As a Gamecock, my resilience has No Limits
By Glenn Hare, (803) 777-3685
The feel of the ball as it leaves her hands, the familiar spin of its flight and the swish as it goes through the net have been a part of Shelbretta "Brett" Ball's life since she was 5 years old. The 5-foot, 8-inch senior guard inherited her passion for the game from two aunts who played collegiate, international and professional basketball.
"Growing up, I was surrounded by basketball," Ball says. "I saw my aunts play major college ball, play as members of Olympic teams and play professionally. They experienced so much through basketball. I wanted to do it, too."
During those formative years, Ball developed a never-give-up attitude and an overwhelming desire to succeed. She trained endlessly and perfected her signature "in and out" move. Recruited by numerous schools, the Mississippi native selected the University of South Carolina women's team in order to play under head coach Dawn Staley and to major in criminal justice and journalism.
However, soon after arriving in Columbia she was ruled medically ineligible to play. "It was a devastating blow," Ball recalls. And for several months, being around the game was painful. "It cut me like a knife just to walk into the gym."
But Ball didn't back down. Relying on the same fortitude she used to face down superior opponents, Brett discovered a new game — a new way to contribute to the team. "It was hard to figure out my role," Ball says. "But with advice from Coach Staley, I've found my place on the team."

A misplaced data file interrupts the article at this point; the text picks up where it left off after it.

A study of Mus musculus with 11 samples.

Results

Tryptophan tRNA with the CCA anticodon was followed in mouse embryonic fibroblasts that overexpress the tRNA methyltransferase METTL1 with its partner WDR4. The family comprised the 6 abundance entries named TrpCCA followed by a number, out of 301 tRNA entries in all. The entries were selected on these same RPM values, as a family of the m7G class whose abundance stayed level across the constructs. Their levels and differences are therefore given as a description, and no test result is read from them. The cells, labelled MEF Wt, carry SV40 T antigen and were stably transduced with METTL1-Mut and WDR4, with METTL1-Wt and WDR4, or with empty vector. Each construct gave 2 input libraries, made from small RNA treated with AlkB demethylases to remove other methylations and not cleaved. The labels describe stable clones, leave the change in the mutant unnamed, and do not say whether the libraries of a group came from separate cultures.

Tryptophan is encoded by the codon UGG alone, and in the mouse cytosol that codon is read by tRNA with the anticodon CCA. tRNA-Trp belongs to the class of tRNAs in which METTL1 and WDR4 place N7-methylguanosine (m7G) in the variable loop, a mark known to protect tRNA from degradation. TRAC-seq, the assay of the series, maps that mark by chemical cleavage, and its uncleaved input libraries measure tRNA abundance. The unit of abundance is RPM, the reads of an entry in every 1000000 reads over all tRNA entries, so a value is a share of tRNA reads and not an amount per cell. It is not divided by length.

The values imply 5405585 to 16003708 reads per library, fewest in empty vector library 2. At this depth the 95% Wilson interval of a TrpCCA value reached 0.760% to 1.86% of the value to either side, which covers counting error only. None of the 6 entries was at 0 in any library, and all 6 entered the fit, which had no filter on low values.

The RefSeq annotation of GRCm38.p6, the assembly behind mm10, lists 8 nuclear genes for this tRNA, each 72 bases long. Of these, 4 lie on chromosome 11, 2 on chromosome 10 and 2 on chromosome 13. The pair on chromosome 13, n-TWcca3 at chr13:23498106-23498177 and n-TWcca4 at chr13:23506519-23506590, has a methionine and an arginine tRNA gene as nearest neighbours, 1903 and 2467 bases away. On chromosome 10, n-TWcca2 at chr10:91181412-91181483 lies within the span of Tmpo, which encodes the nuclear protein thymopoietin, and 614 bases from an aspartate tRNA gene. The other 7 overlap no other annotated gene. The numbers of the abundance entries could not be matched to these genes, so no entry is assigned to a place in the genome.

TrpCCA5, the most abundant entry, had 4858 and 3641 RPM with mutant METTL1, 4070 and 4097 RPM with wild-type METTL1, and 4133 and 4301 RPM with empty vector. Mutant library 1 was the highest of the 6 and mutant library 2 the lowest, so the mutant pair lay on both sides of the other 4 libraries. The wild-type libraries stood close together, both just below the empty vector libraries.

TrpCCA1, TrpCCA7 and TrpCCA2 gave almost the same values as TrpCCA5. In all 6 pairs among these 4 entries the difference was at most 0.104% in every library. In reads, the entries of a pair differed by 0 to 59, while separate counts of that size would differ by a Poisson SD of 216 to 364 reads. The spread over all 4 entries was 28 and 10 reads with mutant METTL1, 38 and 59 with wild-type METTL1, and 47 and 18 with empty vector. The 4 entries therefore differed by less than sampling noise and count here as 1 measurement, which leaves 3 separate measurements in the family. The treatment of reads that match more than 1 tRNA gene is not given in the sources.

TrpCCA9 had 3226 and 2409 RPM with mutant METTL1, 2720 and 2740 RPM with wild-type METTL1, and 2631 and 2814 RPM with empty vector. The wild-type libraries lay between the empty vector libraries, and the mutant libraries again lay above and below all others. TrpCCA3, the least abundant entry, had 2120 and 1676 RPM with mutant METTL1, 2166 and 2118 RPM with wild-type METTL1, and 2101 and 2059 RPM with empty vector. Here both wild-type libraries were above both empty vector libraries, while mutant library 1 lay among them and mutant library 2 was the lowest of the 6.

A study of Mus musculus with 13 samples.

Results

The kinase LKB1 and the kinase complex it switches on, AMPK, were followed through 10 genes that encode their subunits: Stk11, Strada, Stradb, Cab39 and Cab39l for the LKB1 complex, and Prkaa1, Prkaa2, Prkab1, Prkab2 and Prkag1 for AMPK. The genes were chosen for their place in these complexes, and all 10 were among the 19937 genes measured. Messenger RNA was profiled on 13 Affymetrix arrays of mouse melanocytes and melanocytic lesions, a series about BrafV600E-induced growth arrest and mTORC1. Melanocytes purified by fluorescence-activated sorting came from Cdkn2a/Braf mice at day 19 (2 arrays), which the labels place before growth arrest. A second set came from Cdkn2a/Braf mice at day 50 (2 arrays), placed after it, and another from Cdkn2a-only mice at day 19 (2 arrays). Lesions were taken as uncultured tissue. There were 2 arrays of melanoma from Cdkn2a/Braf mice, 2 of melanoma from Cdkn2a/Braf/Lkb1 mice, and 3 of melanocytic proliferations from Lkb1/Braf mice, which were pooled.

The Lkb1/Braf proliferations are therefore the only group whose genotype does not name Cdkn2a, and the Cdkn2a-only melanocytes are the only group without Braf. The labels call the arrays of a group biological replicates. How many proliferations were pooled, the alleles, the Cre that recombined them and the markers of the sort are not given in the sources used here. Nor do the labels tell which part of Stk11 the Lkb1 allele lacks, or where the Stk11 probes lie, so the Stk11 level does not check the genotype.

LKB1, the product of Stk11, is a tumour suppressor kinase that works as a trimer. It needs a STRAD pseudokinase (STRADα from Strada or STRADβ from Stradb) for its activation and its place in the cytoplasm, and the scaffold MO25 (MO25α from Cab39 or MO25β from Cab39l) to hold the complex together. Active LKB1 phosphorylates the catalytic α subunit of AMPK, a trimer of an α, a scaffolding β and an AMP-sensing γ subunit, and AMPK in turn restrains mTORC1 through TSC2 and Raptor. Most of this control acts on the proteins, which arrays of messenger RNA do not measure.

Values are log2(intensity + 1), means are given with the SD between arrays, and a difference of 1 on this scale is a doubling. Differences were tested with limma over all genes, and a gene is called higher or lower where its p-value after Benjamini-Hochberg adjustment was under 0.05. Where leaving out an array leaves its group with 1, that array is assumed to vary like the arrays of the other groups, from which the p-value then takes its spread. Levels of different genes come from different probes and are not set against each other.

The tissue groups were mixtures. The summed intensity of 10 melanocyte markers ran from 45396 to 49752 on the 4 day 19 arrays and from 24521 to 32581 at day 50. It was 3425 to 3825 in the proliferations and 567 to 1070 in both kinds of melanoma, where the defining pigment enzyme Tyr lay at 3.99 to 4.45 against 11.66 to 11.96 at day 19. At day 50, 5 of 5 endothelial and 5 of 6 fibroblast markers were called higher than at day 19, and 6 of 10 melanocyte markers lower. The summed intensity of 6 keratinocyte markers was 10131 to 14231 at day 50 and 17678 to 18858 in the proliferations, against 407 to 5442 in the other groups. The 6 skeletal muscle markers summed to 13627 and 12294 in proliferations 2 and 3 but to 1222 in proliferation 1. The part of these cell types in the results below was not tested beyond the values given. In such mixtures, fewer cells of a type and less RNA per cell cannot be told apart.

Armed with a video camera, Brett produces "Ballin' with Brett," a video blog providing Carolina fans with behind-the-scenes access to the team. For nearly four years, she has documented the women's team from practice sessions and postgame interviews to study hall and travel. "The show has opened so many doors and opportunities for me," Ball says.
One such opportunity is Ball's newest project, a documentary chronicling the experiences of elite college athletes who've been sidelined or benched because of injuries. "The film is an independent study project that developed from a research paper. For several months, I interviewed athletes from the Southeastern Conference who are no longer playing. I'm showing how they transition from student-athletes to students," she says.
And with graduation on the horizon, Ball is focused on developing as many skills as possible before she marches across the stage in spring 2015.
Ball knows her hoop dreams are over, but it's no mystery how she stays on top of her game. Brett lives by the motto, "Don't let your situation determine your destination."